Last year, ransomware became the top cybersecurity concern of organizations: 47 percent of organizations suffered ransomware attacks in 2016. Get up to speed on what ransomware entails and how to protect your organization from these malicious attacks.
What Is Ransomware?
As the name suggests, ransomware is a type of malicious attack that blocks access to your data or computer until a ransom is paid.
Attackers first encrypt your data using malware, then send a demand for money. If you pay the money, you will regain access to your data or computer. Meanwhile, you’re unable to access data needed to perform your job. The negative effects on employee productivity are massive, which is why corporate ransomware is so effective.
Who is the Target of Ransomware?
Hackers first targeted home owners with ransomware, perhaps in an effort to test whether the attacks could succeed. Home users still suffer ransomware attacks, in part because they constitute a large volume of computer users. Home owners may also lack cyber security awareness or rely on nothing but antivirus software for protection. As a result, they are very vulnerable.
Home users typically rely on outdated software (even when they are prompted to update) and don’t keep data backups. When they are threatened with something like the loss of their family photos, no wonder they will readily pay large sums of money to get their data back.
Increasingly, attackers are turning to larger targets — from whom they can demand more money. Thus, police departments, hospitals, health care organizations, municipalities, and larger businesses are receiving ransomware attacks. Attackers target not just individual workstations, but entire databases and servers.
Major businesses are reluctant to report a ransomware attack. They worry about the reputation loss this would create, as well as legal consequences of the attack.
Behind a Typical Ransomware Attack
There were 400 different variants of ransomware in Q4 2016 alone. Here are a few examples that showcase the major consequences that a ransomware attacks on businesses could have:
Licking County, Ohio: An employee in the Licking County office clicked on a link in a phishing email, downloading malware. Police, 911 dispatch, and other office were shut down via ransomware. To get emergency services back up without paying the ransom, IT staff had to rely on backups to rebuild the entire system. Meanwhile, the police lacked landline and online access, which put the public safety at risk.
Hollywood Presbyterian Medical Center: A ransomware attack locked the medical records and computer systems at the hospital. After one week of making do without mission critical information, hospital staff paid the $17,000 ransom to unlock their data.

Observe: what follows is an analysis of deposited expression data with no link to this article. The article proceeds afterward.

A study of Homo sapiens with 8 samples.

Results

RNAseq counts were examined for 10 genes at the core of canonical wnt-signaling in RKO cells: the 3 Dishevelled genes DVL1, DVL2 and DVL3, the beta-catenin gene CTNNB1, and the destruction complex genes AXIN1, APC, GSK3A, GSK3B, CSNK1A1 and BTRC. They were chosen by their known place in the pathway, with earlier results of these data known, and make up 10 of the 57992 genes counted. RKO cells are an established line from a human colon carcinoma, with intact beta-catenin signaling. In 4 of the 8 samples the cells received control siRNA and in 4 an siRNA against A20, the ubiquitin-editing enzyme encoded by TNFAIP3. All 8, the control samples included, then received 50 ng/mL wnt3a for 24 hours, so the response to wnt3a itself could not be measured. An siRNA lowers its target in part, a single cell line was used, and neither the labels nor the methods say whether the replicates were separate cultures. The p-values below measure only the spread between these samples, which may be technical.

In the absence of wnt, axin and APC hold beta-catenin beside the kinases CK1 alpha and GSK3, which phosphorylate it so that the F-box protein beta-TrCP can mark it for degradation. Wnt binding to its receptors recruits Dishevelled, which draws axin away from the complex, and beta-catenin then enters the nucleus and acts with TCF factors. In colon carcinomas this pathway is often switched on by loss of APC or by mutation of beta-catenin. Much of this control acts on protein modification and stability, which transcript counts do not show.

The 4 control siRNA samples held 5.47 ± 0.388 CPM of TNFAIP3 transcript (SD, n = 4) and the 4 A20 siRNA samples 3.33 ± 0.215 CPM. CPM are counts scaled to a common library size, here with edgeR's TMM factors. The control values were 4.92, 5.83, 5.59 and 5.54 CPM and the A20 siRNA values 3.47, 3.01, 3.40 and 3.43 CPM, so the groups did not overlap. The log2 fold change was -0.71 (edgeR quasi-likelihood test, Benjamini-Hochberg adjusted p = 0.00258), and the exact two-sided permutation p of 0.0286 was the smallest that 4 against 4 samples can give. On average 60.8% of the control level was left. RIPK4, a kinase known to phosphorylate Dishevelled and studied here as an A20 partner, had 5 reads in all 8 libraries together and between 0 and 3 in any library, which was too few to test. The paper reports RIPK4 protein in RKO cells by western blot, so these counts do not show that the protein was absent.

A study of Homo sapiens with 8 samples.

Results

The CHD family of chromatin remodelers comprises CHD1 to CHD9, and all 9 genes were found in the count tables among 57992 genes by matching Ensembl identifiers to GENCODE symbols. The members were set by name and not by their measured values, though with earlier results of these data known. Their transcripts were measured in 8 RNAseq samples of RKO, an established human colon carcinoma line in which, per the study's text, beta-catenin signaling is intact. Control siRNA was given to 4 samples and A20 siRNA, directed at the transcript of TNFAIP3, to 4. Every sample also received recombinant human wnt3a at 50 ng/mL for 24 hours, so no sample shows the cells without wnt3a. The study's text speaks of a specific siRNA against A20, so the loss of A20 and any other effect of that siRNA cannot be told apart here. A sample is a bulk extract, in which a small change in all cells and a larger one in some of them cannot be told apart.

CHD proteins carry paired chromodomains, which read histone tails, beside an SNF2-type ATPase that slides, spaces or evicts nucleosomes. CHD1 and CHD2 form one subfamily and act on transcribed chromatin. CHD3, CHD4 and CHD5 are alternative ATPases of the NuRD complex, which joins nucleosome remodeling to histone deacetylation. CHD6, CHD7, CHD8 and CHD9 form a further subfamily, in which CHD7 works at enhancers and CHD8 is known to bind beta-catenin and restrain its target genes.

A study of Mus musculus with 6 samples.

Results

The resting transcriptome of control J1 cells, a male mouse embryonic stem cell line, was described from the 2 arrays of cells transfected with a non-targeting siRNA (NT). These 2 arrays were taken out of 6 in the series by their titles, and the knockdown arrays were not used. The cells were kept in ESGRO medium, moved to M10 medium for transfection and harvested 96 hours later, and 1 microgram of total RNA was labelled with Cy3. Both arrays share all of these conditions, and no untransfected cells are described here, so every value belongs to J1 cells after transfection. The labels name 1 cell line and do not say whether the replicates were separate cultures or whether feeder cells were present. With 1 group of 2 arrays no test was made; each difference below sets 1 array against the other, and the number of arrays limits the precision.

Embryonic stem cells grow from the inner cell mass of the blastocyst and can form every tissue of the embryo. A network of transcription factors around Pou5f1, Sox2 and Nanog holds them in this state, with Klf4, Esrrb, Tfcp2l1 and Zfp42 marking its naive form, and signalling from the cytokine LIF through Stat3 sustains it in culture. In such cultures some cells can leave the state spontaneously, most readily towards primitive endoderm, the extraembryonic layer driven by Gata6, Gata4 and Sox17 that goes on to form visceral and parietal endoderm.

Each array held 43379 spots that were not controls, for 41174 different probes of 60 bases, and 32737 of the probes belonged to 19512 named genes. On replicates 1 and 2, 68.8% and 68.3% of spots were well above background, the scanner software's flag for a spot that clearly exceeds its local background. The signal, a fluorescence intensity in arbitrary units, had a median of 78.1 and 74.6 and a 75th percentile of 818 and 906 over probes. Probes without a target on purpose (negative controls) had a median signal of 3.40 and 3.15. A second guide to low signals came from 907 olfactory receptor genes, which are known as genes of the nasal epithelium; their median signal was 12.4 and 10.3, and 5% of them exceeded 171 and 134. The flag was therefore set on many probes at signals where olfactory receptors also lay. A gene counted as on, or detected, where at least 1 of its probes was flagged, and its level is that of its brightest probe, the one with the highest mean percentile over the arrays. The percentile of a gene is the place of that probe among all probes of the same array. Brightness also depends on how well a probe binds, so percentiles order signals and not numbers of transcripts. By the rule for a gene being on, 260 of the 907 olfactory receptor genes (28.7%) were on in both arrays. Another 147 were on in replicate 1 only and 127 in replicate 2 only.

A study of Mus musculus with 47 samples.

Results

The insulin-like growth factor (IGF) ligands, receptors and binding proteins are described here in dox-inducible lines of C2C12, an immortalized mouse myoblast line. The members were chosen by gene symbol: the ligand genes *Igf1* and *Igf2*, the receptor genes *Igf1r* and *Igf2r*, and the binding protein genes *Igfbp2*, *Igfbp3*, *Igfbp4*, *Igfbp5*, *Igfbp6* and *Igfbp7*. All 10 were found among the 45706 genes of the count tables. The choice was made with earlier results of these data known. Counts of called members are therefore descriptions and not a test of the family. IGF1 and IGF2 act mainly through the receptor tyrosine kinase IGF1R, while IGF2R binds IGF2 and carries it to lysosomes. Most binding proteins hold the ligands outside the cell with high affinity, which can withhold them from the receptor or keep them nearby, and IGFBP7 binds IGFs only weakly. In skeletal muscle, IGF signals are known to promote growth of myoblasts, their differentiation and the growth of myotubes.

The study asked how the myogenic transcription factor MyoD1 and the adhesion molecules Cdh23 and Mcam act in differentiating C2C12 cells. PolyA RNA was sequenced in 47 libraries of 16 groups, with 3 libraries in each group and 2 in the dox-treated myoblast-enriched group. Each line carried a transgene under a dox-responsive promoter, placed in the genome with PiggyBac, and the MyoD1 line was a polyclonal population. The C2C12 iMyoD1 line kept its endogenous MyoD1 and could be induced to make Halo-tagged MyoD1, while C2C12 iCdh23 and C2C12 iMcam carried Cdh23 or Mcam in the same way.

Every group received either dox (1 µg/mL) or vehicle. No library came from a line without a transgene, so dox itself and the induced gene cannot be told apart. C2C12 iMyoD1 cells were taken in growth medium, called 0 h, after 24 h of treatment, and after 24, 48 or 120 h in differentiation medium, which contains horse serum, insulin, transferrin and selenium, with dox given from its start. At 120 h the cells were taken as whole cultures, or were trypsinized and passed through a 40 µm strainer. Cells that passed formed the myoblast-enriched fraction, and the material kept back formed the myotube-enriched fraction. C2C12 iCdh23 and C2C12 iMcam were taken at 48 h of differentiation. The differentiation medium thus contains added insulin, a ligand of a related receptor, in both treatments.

San Francisco Municipal Transport Agency: In San Francisco, 900 employee workstations at the Municipal Transport Agency were held ransom. Attackers demanded a $73,000 bitcoin payment. The SFMTA was able to restore the majority of the encrypted data from remote backups and avoid paying the ransom.
Ways to Protect Your Organization From Ransomware
Understanding what makes you vulnerable is the first step in protecting your home and business assets from ransomware.
If you aren’t already backing up your data automatically, do that now. This is the single biggest step you can take to decrease your risk. After all, when your family photos or client files are backed up to an external hard drive, you won’t need to pay to get them back.
Learn what types of file extensions suggest a malicious file, then enable file extensions and check before you download a risky file.
For example, .EXE files or executable file extensions can be risky. Email filters can block .EXE files, reducing your risk of accidentally launching a ransomware attack. Another common risk is opening macros in Microsoft Office. Don’t turn on macros when prompted to, unless you’re certain the file is safe.
If you have administrator login, be careful about using it. Do not stay logged in on the admin account unless it’s necessary. Avoid opening emails from the admin account just in case. On a related note, never give administrative access to staff members unless it’s critically necessary for them to have admin access.
Get in the habit of updating your software when prompted and patching regularly. Attackers exploit bugs in software and rely on the assumption that you are lazy about updating your software.
Studies show that computer uses with little awareness of cyber security risks are the “weakest link” in your safety.
Host cyber security trainings that teach your employees to identify suspicious links, phishing emails, or potentially dangerous software.
As a safeguard, segment the corporate network. Firewalls can separate system services, adding another layer of defense against an attack.
Finally, understand that the best cyber security defense evolves over time to keep up to date with new threats. If you assume it’s a matter of following these steps to get protected, and then you’re done, you will be attacked.
To keep all of your business data safe in the event of a ransomware disaster, use a secure and reliable offsite cloud-based data recovery plan. Server Cloud Canada offers off-site private clouds and AES 256-bit encryption for all data transfer. Get your business back up and running in minutes with instant private cloud restore.
The SCC Vault
Server Cloud Canada offers scalable and flexible solutions that are fully Canadian owned and operated. You can rely on these plans to protect your enterprise data in Canada’s robust privacy legislation.